One of the debates that regularly surfaces at this time of year is when we should begin celebrating Christmas. The Advent purists argue for Christmas Eve; those with a more relaxed attitude simply go with the flow and start celebrating on 1 December; and people like ourselves do a kind of dance between the two. Our liturgy and our private modus vivendi is Advent through and through, but our public face is more accepting of the fact that most people find such distinctions baffling. Of course, we have the advantage of going on celebrating throughout the Octave and the Christmas season, but here and now we are trying to maintain the spirit of joyful expectancy that characterises Advent. How do we do so in a world that doesn’t really like waiting for anything and is always keen to brush anything negative or difficult out of sight?
I think we start with silence. Usually we begin Advent with three days of total silence. That didn’t happen this year because we had a prolonged power-cut to contend with, but the quality of silence we try to maintain is important. It is easy to fill our silence with noise — an endless inner chatter, our explosive reactions to events, too much self-indulgence in social media. It is when we begin thinking about these that we realise how addicted we have become and how difficult it is to assert any kind of discipline over ourselves. Yet, if we are to have anything worth saying, we do need to exercise some restraint. One area I think about particularly is my use of humour. Bad jokes abound at this time of year. Most are just not very funny, but some are wounding and offensive so we need to take care. That doesn’t mean calling others out for not meeting our standards: it means calling ourselves out for having got the tone wrong or not thought sufficiently about the consequences. ‘Tis the season to be jolly, but not at someone else’s expense.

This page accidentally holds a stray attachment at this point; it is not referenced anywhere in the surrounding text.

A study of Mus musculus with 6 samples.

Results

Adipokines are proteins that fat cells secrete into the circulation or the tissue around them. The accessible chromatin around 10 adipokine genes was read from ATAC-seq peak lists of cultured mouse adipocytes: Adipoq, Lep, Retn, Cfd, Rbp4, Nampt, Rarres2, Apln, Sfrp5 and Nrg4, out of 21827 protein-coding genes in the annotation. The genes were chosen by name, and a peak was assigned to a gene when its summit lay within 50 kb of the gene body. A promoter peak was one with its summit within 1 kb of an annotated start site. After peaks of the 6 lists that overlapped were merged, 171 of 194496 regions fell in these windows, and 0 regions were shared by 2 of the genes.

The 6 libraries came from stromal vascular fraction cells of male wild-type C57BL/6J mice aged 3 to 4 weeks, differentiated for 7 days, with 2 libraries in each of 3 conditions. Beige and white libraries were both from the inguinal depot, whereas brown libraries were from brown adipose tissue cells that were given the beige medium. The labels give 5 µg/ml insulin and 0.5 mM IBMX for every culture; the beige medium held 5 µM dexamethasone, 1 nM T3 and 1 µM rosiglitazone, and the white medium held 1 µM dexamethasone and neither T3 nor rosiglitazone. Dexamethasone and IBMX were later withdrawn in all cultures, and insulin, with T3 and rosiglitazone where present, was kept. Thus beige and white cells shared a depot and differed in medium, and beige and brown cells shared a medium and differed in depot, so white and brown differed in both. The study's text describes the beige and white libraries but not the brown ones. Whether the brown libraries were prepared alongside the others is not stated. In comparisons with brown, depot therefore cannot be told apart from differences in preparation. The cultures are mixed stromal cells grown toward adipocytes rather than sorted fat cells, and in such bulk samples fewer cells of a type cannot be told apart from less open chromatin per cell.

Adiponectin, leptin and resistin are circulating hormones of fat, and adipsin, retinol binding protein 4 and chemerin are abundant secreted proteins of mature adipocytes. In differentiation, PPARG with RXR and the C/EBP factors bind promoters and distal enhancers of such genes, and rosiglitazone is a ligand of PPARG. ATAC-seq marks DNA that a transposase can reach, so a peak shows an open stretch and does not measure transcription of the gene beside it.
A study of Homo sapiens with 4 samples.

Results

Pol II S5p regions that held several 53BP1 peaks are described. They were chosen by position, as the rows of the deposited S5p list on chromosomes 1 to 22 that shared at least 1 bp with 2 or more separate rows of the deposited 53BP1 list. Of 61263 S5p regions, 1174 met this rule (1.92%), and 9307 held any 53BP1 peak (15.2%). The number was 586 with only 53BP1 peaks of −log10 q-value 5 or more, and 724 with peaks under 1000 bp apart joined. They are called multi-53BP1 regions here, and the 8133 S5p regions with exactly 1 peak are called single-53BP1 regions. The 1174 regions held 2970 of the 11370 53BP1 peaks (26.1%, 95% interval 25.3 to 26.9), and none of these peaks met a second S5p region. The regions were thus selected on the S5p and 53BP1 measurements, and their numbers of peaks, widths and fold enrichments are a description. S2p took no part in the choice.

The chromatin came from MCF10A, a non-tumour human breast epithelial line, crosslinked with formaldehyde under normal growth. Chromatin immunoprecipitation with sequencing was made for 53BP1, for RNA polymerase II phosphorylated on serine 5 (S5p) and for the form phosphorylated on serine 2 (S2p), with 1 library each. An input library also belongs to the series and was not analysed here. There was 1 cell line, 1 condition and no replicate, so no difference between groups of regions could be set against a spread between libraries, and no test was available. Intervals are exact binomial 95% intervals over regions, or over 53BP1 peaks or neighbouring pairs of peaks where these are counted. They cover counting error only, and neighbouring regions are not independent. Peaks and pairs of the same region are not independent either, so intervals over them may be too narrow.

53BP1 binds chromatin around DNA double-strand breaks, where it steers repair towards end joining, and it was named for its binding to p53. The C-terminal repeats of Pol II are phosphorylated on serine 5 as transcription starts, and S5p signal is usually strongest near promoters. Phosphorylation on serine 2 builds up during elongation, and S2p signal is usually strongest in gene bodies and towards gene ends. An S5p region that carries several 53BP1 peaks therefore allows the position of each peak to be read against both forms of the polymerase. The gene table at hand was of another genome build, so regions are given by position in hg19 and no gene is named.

I think we also need to think seriously about how we share our good fortune with others. It is easy to make a donation to a charitable organization or pledge a small amount of our time to lending a hand at a soup kitchen or facility for the homeless. Here at the monastery we try both to give of our abundance, as it were, and make time for the people who write to us. There never seems to be enough time to answer every letter, card or email but we do try, and that is what matters. Once upon a time we did not write at all during Advent (being ultra-purist). Now we content ourselves with trying to limit telephone calls and the less helpful kinds of interaction.
My third suggestion comes from thinking about today’s first Mass reading, Isaiah 40.1–11. Forget, for a moment, your favourite musical setting of those words, and concentrate on the meaning. God in Christ has forgiven us utterly. Forgiveness is never easy, especially if we think we are the one doing the forgiving. We are not so noble, nor so strong. But if we are to unite our Advent with our Christmas, our longing with its fulfilment, we have to take on board the need to forgive and to accept forgiveness. In other words, we have to let Christ be born anew in us every day of our lives. Then indeed we can agree ’tis the season to be jolly, can’t we?